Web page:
David Taylor’s claims come up against reporters’ brick wall

Two more crime correspondents yesterday told the Disclosures Tribunal that they were never briefed negatively by any gardaí about Sergeant Maurice McCabe.

Eavan Murray: I believed then and I believe now that I was never briefed negatively by Superintendent Taylor

Both had initially claimed journalistic privilege but on the day of their appearance changed their respective positions.

John Mooney from The Sunday Times and Eavan Murray of The Sun both adopted the same positions as their colleagues in The Irish Times, The Star, and the Mail On Sunday.

The tribunal was adjourned for two hours yesterday to consider a statement that had just been provided to the tribunal by Ms Murray. When she gave evidence after lunch, she said she did not initially respond to the tribunal because she did not think she had anything to contribute.

I believed then and I believe now that I was never briefed negatively by Superintendent [David] Taylor [or that] any member of the guards ever told me that he [Sgt McCabe] was a child abuser.

Supt Taylor has claimed that when he was head of the Garda press office, he briefed her and a list of 10 other reporters about Sgt McCabe, portraying him as a child abuser.

He claims to have used an allegation made by the daughter of a colleague of Sgt McCabe’s in 2006 about an alleged incident eight years previously.

Her father had been in dispute with Sgt McCabe. The garda who investigated it, the chief state solicitor, and the DPP all dismissed the girl’s allegation. The DPP stated that the allegation wasn’t even of a criminal nature.

Supt Taylor claims he used that allegation to smear Sgt McCabe because the sergeant was bringing forward complaints of malpractice within the force.

After making his protected disclosure in September 2016, he provided a list of nine reporters he claimed to have briefed. Later, when presented with evidence by tribunal investigators, he added two more names, including Ms Murray.

Yesterday, Ms Murray gave evidence that she travelled to the home of the girl, known as Ms D, in Cavan in 2014, and met her mother. Supt Taylor says he spoke to Ms Murray before she went up and “would have encouraged” her to travel, on the basis that any subsequent story would reflect badly on Sgt McCabe.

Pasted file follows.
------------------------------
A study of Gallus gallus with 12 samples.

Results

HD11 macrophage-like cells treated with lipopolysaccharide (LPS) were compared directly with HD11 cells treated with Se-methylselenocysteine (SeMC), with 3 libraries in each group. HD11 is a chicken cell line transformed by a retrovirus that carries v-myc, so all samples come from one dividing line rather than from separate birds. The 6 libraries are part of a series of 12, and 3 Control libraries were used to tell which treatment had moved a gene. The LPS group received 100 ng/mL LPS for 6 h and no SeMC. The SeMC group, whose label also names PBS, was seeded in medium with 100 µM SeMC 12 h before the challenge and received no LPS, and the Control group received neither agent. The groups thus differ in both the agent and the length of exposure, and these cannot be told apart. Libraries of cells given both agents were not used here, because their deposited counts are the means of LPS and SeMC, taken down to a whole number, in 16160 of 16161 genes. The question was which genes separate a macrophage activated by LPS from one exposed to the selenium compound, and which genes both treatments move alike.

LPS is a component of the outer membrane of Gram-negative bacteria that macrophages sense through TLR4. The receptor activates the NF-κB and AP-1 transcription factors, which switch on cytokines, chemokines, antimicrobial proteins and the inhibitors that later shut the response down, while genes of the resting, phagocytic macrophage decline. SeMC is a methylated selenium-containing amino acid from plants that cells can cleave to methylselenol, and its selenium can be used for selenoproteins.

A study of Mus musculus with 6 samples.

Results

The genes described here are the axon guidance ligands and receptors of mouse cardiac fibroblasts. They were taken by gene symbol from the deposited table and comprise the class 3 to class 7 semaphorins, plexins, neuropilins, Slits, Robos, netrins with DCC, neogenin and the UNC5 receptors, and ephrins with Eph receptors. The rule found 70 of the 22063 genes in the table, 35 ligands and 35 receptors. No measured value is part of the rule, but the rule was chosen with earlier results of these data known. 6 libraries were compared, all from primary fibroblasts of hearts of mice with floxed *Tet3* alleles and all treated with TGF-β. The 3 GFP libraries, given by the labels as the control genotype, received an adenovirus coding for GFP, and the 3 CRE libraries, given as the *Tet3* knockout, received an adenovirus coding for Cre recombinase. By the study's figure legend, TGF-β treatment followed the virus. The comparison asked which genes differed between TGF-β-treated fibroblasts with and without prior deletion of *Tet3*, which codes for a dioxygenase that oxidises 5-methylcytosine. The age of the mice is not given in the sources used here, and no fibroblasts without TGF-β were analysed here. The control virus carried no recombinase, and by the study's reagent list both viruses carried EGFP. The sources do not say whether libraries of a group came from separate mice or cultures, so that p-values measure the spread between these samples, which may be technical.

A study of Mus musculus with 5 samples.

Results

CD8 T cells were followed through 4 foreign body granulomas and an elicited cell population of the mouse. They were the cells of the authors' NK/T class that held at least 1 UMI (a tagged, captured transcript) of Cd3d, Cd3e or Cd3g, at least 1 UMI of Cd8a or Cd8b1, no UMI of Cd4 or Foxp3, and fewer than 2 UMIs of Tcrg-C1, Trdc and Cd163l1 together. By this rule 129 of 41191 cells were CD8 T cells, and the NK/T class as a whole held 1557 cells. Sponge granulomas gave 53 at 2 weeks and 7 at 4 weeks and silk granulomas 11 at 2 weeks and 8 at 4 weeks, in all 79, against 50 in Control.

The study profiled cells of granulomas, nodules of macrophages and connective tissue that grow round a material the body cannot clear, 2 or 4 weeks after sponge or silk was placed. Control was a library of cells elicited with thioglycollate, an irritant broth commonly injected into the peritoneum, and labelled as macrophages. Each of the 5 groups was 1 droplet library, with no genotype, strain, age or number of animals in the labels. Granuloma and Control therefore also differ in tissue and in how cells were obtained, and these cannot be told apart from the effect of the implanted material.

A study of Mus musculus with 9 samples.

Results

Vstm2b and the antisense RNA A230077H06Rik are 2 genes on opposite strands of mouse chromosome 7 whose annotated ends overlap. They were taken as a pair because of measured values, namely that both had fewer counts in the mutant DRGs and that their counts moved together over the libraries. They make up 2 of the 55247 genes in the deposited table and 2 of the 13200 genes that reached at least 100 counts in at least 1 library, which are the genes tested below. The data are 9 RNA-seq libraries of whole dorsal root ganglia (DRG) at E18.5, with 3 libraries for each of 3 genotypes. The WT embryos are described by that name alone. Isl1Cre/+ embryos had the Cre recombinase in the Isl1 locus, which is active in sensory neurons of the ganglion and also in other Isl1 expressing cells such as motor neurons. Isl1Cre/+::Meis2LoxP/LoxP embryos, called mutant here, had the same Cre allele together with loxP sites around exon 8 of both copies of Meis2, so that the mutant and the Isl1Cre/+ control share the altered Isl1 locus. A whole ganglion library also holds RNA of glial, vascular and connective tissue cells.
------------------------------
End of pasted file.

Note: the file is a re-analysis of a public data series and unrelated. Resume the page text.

Ms Murray said yesterday she only spoke to Supt Taylor after she had returned from Cavan.

She says she got the D name from another journalist, and the story about the allegation in her newsroom in The Sun.

Ms Murray told the tribunal that she met Supt Taylor in February of this year.

Supt David Taylor

The superintendent had told the tribunal last month that they didn’t discuss the tribunal on that occasion. Yesterday, Ms Murray said that they did discuss the matter at that meeting.

Earlier, John Mooney, crime correspondent for The Sunday Times, also said that he was not briefed negatively by Supt Taylor about Sgt McCabe or any other guard. Initially, Mr Mooney had been claiming journalistic privilege.

He told the tribunal that he first heard of the 2006 allegation from a source other than a guard, but had it confirmed by a garda source.

That story and the allegation and background did not meet any threshold [for publication] in The Sunday Times, so I did not pursue it.

The five crime correspondents have not just dismissed Supt Taylor as a source of any negative briefing but have added that no garda ever approached them and attempted to portray Sgt McCabe as being in any way connected to child sexual abuse.

This would infer that not just Supt Taylor but nobody within the force ever suggested to any of these reporters that Sgt McCabe had questions to answer about child sexual abuse.

In such a scenario, Sgt McCabe’s complaints of malpractice were not discommoding anybody in the force to the extent that they attempted to blacken his character.

Except, allegedly, for the commissioner, Martin Callinan, who, three witnesses have testified, had portrayed Sgt McCabe to them in the darkest light. Mr Callinan denies this vehemently.

Supt Taylor’s claims in relation to the crime reporters named in his list are therefore coming up against a brick wall. He has not supplied any specifics about the alleged briefings. When he was asked by the tribunal for specifics, he would only say that he dropped these “briefings” into conversations with the reporters when interacting with them.

The list he presented is curious, particularly as he added to it only when presented with evidence by the tribunal. Is it possible that there were others who he forgot or neglected to inform the tribunal about? How come he cannot supply any specifics at all about these “briefings”?

Perhaps the most surprising aspect of the response from the reporters is that they have excluded all gardaí from any such attempt to blacken Sgt McCabe’s character using the discredited allegation.

Today, three journalists from the Irish Examiner, who also appear on Supt Taylor’s list, are scheduled to give evidence.